So, I read an interesting blog post yesterday by the fantastic Kristen Lamb (follow her. NOW!), and she addressed the idea that only 5% of prospective writers *actually* become successful authors. In her post, she argued that although this is a depressing statistic for those of us who aspire to be that elusive successful writer, 5% isn’t that bad. Check out her reasoning:
When I gave the 5% statistic earlier, many of you were probably discouraged. But let’s take a closer look at that number.
It’s been said that as much as 75% of the literate population would love to one day write a book. Out of hundreds of millions of possible authors, how many do you think actually take the idea seriously?
And of the tens of millions left over, how many sit down and write and finish a first draft?
Of the millions remaining, how many actually read craft books, get critique and keep revising that first draft until they have a polished draft?
Of those who finish that first novel then realize they have a train wreck and not a novel, how many suck it up and start over to write a better book that’s more likely to engage with readers?
Of those who finally write a decent book, how many take time to also build a brand and platform? How many learn to blog effectively in ways that reach and cultivate readers?
How many get in the regular habit of writing, researching and revising? They don’t just stop with the one book and keep on writing more books?
Of those who publish the first book and don’t instantly become zillionaires, how many keep writing and improving?
This profession is really hard. Toss a few hundred million people with a dream into one large funnel and most will not shake out at the end. Yet, if we look at the individual pieces of becoming “successful” it is astonishing how much we control.
Others whine, we work.
At this point of my life, I found this to be pretty inspiring. I recently left my 9-to-5 (read: my contract didn’t get extended), and though I wasn’t completely against going out and finding another one, I’m *kinda* inspired to give this full-time writer thing a try. So, that’s what I’ve pledged to do. I have my novel coming out next month, and I’m working to secure some freelance work. Is this plan risky? Of course. Am I worried? Not really.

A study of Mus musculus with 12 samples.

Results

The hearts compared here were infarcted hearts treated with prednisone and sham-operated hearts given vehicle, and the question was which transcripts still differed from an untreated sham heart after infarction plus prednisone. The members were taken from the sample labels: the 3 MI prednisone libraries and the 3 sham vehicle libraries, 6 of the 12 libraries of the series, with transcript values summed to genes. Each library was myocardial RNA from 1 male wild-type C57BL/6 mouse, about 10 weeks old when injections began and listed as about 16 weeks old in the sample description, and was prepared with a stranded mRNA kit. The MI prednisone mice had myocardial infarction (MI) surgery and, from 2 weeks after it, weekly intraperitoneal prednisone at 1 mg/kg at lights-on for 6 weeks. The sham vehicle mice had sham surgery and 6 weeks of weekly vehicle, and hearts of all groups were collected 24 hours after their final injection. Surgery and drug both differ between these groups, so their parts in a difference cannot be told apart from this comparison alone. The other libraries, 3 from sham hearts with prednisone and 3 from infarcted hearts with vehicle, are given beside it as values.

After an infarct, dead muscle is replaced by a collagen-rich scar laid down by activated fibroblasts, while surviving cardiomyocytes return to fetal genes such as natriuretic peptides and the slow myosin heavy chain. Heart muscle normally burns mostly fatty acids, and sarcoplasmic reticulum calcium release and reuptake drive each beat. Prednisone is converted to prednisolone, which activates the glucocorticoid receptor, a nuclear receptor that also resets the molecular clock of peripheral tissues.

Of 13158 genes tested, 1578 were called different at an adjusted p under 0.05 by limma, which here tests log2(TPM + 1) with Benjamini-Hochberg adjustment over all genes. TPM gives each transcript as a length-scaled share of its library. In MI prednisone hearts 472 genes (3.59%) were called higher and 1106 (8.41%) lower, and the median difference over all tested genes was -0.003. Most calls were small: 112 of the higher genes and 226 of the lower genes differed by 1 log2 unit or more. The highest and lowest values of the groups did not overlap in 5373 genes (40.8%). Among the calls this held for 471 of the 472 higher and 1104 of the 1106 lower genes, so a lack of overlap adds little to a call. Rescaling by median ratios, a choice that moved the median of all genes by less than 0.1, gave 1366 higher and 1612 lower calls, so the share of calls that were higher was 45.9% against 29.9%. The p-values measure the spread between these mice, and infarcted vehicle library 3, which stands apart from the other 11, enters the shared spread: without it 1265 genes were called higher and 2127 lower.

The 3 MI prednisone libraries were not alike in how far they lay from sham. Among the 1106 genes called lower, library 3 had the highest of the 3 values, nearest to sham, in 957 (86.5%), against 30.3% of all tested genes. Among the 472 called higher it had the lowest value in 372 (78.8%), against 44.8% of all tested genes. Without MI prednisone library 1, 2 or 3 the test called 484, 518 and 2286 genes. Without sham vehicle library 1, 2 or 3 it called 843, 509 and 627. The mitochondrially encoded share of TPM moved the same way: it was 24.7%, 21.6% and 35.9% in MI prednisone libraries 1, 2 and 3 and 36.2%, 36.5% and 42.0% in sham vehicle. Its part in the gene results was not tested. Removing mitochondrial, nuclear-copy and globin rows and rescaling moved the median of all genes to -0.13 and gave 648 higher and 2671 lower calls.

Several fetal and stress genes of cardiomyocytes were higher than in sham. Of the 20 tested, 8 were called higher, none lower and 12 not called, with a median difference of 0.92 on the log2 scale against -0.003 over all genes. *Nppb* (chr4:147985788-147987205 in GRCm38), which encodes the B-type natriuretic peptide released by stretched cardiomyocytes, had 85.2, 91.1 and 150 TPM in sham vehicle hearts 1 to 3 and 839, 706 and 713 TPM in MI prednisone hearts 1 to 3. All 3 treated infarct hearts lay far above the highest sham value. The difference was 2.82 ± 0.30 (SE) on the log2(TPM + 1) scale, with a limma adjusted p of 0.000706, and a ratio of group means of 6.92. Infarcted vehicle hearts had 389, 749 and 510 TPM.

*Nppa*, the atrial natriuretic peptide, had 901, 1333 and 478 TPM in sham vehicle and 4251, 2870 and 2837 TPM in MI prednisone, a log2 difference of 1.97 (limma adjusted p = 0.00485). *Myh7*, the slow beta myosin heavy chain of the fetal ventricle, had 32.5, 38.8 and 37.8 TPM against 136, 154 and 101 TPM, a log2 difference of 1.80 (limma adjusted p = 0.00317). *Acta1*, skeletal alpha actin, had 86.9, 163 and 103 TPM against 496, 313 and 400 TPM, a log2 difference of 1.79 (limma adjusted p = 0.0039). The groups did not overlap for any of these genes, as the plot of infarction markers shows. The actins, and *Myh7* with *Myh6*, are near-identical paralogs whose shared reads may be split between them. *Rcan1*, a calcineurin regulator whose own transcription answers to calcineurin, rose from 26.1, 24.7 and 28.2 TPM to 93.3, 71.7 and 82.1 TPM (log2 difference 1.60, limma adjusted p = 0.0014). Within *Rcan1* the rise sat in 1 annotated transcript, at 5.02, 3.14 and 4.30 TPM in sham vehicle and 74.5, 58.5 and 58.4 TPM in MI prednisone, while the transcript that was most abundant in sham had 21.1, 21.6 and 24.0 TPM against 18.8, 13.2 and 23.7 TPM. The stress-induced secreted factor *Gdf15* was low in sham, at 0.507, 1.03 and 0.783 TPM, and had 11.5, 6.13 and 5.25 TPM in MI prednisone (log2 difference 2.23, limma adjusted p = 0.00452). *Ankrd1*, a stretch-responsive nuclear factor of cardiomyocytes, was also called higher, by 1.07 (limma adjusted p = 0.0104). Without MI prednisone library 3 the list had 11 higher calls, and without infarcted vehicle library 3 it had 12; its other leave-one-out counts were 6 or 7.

In light of these things, Kristen Lamb’s reasoning got me thinking. Yes, 5% may not be so bad when you consider that a lot of unsuccessful writers are unsuccessful because they don’t put in the time, but the amount of commitment expected of a writer is nothing to laugh at. In fact, becoming a writer is often fruitless labor for the first while (10 years in my case), so with that seemingly unattainable dedication, why write at all?
I think the answer to that question is fairly simple. Anybody who is serious about writing already knows that answer, and I think it is those people who end up persevering and becoming the perceived unattainable successful writer. The fact is that writers write because they have to. They write because there isn’t anything else they’d rather be doing. They were “born this way”, so to speak (Thanks GaGa). And at the end of the day, a writer becomes one of the “lucky” 5% not because of luck at all but because they wanted to, and they worked their butt off to get there. I’ve always said that becoming a writer is like running a marathon: you don’t just wake up one day, show up at the starting line, and come in first place. There’s training. There’s failure. There are nasty blisters and early mornings and vomiting from overexertion (beautiful visual, Michael).
But writers like it this way. If becoming a successful writer were easy, it wouldn’t be worth it. How fulfilling would it be if you could just laser beam 80,000 words onto a computer screen and then sell it to the first publisher you pitched it to? Not very.
So, take comfort in the fact that determination does great things. Work your butt off, but enjoy the process. It’s not until years later that you appreciate all the time it took you to grow. Trust me, reading old material has become a nice pastime for me. It’s kind of inspiring.
Why do you write? Do you worry about becoming a successful writer?